Neurocognitive Growth Charting in Psychosis Spectrum Youths

Ruben C. Gur, PhD1; Monica E. Calkins, PhD1; Theodore D. Satterthwaite, MD, MA1; Kosha Ruparel, MSE1; Warren B. Bilker, PhD2; Tyler M. Moore, PhD1; Adam P. Savitt, BA1; Hakon Hakonarson, MD, PhD3; Raquel E. Gur, MD, PhD1
[+] Author Affiliations
1Department of Psychiatry, Perelman School of Medicine, University of Pennsylvania, Philadelphia
2Department of Biostatistics, Perelman School of Medicine, University of Pennsylvania, Philadelphia
3Center for Applied Genomics, Children’s Hospital of Philadelphia, Philadelphia, Pennsylvania
JAMA Psychiatry. 2014;71(4):366-374. doi:10.1001/jamapsychiatry.2013.4190.

Objectives  To examine neurocognitive age and compare typically developing participants with psychosis spectrum participants.

Design, Setting, and Participants  The Philadelphia Neurodevelopmental Cohort is a genotyped sample, with electronic medical records, enrolled in the study of brain behavior. In an academic and children’s hospital health care network, a structured psychiatric evaluation was performed and a computerized neurocognitive battery administered to evaluate performance in several domains. From 18 344 youths in the recruitment pool who were aged 8 to 21 years, physically and cognitively capable of participating, and proficient in English, participants were randomly selected with stratification for age, sex, and ethnicity. A total of 9138 participants were enrolled in the study between November 1, 2009, and November 30, 2011, and 2321 endorsed psychotic symptoms: 1423 significant (psychosis spectrum) and 898 limited (psychosis limited). They had no comorbid medical conditions. They were compared with 981 participants endorsing significant other psychiatric symptoms and with 1963 typically developing children with no psychiatric or medical disorders.

Main Outcomes and Measures  The computerized neurocognitive battery provides accuracy and speed measures on 12 tests and speed measures alone on 2, yielding 26 measures used in a regression analysis to predict chronological age. Prediction was performed on the entire set and separately for each domain (executive, episodic memory, complex cognition, social cognition, and sensorimotor speed).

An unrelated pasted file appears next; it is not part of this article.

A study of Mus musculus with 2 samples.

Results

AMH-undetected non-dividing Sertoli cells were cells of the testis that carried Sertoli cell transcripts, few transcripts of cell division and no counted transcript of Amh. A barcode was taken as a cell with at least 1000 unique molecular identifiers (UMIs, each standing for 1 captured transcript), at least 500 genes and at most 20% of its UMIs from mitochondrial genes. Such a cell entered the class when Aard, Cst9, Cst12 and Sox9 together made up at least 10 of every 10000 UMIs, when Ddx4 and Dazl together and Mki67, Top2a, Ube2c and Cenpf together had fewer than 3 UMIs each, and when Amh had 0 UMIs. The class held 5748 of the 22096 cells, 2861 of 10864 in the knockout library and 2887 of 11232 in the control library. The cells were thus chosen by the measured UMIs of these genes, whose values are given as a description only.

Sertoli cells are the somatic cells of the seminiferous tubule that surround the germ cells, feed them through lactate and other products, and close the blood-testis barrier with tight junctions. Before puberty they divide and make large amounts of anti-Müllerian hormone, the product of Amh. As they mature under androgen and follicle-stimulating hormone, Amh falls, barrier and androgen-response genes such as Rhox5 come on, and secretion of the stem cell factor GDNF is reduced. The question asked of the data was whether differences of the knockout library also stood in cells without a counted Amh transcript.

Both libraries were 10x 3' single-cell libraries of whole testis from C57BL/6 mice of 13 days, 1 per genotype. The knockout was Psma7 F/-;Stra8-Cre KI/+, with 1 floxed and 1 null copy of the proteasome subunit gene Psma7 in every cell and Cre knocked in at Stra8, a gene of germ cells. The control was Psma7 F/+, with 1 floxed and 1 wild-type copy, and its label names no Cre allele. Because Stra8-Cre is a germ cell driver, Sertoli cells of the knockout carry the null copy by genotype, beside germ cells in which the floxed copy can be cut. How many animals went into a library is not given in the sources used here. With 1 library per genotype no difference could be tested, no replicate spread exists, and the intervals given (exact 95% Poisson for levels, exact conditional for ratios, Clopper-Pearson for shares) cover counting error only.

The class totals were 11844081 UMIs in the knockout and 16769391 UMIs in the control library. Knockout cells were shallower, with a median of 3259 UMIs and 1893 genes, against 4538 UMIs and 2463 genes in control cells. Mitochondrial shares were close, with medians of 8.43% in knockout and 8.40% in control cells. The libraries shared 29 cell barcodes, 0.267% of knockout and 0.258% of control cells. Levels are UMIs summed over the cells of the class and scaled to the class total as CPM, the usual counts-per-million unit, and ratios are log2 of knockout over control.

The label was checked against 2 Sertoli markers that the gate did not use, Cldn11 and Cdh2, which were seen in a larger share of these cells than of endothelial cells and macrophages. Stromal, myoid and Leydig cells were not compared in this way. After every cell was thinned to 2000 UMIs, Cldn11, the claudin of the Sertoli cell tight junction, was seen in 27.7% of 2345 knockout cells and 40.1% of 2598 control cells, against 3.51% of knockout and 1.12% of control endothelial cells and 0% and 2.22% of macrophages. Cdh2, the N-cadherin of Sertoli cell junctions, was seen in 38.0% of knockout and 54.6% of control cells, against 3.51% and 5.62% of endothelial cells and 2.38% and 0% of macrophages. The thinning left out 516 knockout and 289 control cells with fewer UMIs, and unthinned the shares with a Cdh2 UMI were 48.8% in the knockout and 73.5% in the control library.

Results  Throughout childhood and adolescence, the psychosis spectrum group had lower predicted age compared with the typically developing group and the group with other psychiatric symptoms. The psychosis spectrum group had a greater developmental lag than the psychosis limited group. The lags were most pronounced for complex cognition and social cognition and were smallest for sensorimotor speed.

Conclusions and Relevance  Individuals who endorse psychotic symptoms are neurocognitively delayed across the age range; this delay relates to symptom severity and is not prominent in other psychiatric disorders. Combined clinical and neurocognitive assessment can facilitate early detection and targeted intervention to delay or ameliorate disease progression.

Chronological Age Compared With Predicted Neurocognitive Age for Female and Male Psychosis Spectrum Participants and Typically Developing Participants

Chronological age compared with predicted neurocognitive age in years for typically developing (TD) participants, female psychosis spectrum (PS) participants, and male PS participants. Growth charts are provided for predicted age based on all scores (all domains) (A) and based on tests grouped by each of the 5 domains, including executive (B), memory (C), complex cognition (D), social cognition (E), and sensorimotor (F).

Chronological Age Compared With Predicted Neurocognitive Age for Psychosis Limited, Psychosis Spectrum, and Typically Developing Participants

Chronological age compared with predicted neurocognitive age in years for typically developing (TD), psychosis spectrum (PS), and psychosis limited (PL) groups. Growth charts are provided for predicted age based on all scores (all domains) (A) and based on tests grouped by each of the 5 domains, including executive (B), memory (C), complex cognition (D), social cognition (E), and sensorimotor (F).